This is the annual Los Angeles-area meeting of the CATESOL association. CATESOL represents teachers of English language learners throughout California and Nevada, and is an association that promotes excellence in education and provides high-quality professional development. This year's conference theme is "Innovate, Transform, Inspire" and will be attended by more than 500 teachers of English learners (from kindergarten to university) from the Los Angeles area.
People often associate Cinco de Mayo with stereotypes such as sombreros, tacos, and margaritas. Join the Chicana/o Latina/o Student Resource Center as we learn more about the true history and significance of Cinco de Mayo. #CLSRCcultura #MiGente #CLSRCFamilia #CincoDeMayo
Featured on first cast of The Great Food Truck Race on the Food Network, Ragin serves you the best and most authentic Cajun Cuisine brought to the South Bay from Lafayette Louisiana and the most Down Home fun you can find West of Bourbon Street!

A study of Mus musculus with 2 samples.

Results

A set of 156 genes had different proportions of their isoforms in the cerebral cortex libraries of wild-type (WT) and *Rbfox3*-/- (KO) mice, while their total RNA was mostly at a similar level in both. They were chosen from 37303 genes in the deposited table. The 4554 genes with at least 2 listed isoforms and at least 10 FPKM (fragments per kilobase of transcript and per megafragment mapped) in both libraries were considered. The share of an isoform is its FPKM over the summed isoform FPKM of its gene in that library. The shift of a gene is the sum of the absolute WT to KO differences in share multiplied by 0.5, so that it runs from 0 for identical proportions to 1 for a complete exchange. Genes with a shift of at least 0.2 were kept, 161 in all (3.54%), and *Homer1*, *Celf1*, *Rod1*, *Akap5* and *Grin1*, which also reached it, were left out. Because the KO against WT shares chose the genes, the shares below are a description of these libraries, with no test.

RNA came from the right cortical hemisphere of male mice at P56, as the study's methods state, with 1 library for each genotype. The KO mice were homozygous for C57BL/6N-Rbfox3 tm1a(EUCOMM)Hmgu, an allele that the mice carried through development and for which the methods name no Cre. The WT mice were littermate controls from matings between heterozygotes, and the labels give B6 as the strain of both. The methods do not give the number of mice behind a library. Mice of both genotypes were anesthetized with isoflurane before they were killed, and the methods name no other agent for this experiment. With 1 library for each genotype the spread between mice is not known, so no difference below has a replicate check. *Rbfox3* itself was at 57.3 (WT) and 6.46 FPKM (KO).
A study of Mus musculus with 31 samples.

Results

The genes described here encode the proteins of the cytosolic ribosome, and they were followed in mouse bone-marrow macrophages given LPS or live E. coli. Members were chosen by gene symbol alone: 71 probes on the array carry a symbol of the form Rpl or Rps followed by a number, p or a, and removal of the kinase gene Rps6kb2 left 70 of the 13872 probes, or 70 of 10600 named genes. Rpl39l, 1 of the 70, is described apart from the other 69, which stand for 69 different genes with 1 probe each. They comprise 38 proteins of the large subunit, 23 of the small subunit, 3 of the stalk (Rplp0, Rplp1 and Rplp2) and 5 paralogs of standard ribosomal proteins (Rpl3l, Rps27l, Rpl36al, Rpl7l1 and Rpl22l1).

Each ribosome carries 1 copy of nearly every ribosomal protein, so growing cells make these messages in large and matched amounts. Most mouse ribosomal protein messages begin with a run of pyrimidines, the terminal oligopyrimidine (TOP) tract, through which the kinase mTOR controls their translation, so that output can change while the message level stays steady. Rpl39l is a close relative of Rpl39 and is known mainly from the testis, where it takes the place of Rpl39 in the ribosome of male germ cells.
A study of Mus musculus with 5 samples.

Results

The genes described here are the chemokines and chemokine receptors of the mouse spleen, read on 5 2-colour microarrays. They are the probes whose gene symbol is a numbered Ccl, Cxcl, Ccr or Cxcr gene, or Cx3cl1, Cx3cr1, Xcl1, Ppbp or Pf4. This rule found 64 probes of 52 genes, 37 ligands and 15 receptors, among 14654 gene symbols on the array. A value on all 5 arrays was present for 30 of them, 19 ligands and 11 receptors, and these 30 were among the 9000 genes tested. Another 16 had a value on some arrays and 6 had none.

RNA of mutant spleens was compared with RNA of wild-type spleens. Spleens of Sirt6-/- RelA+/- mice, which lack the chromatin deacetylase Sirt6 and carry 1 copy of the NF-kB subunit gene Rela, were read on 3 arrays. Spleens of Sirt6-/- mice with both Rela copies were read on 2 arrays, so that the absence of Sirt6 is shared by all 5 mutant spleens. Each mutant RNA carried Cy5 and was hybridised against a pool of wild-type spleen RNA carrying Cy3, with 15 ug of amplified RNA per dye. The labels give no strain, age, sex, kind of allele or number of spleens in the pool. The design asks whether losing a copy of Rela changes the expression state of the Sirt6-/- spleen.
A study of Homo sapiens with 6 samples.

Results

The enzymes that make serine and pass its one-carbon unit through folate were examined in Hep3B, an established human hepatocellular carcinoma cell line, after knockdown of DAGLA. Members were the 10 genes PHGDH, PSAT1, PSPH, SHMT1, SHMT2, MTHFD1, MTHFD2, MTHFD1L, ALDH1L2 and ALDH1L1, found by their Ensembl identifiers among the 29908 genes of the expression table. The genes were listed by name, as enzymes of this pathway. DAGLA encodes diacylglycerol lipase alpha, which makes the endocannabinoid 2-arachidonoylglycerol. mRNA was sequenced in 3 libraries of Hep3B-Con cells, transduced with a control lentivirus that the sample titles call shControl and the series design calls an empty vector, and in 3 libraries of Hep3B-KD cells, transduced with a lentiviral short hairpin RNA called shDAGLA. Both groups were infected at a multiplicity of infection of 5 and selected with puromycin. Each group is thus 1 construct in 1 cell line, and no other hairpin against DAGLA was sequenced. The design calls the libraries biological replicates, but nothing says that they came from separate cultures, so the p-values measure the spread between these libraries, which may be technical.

Attending college is a busy and hectic time. For many students this can create problems. Some of these problems include feelings of not having enough time and being overwhelmed, procrastinating, and feelings of anxiety. This presentation will offer suggestions for coping with these problems. Handouts will be provided.
Call the University Tutorial Center at (323) 343-3971 for more information.
The Pan African Student Resource Center invites all book lovers to celebrate African American authors. In this event, students, staff and faculty will read passages, quotes, and monologues written by their favorite African American author. Stop by the CCC, 2nd floor, Student Union by Friday, April 17 to sign up and participate. #BlackAtCalStateLA #TheCCC #BlackAuthors #CupOfCulture
The 1918 so-called “Spanish” Influenza reached its deadly peak in every country just as World War I was coming to an end. Dr. Elinor Accampo, professor of history, University of Southern California, will place the flu in a transnational context, focus on the interaction of the war and the flu in peoples’ experiences and perceptions, and seek to understand how this interaction contributed to an “amnesia” about the flu that developed in its wake.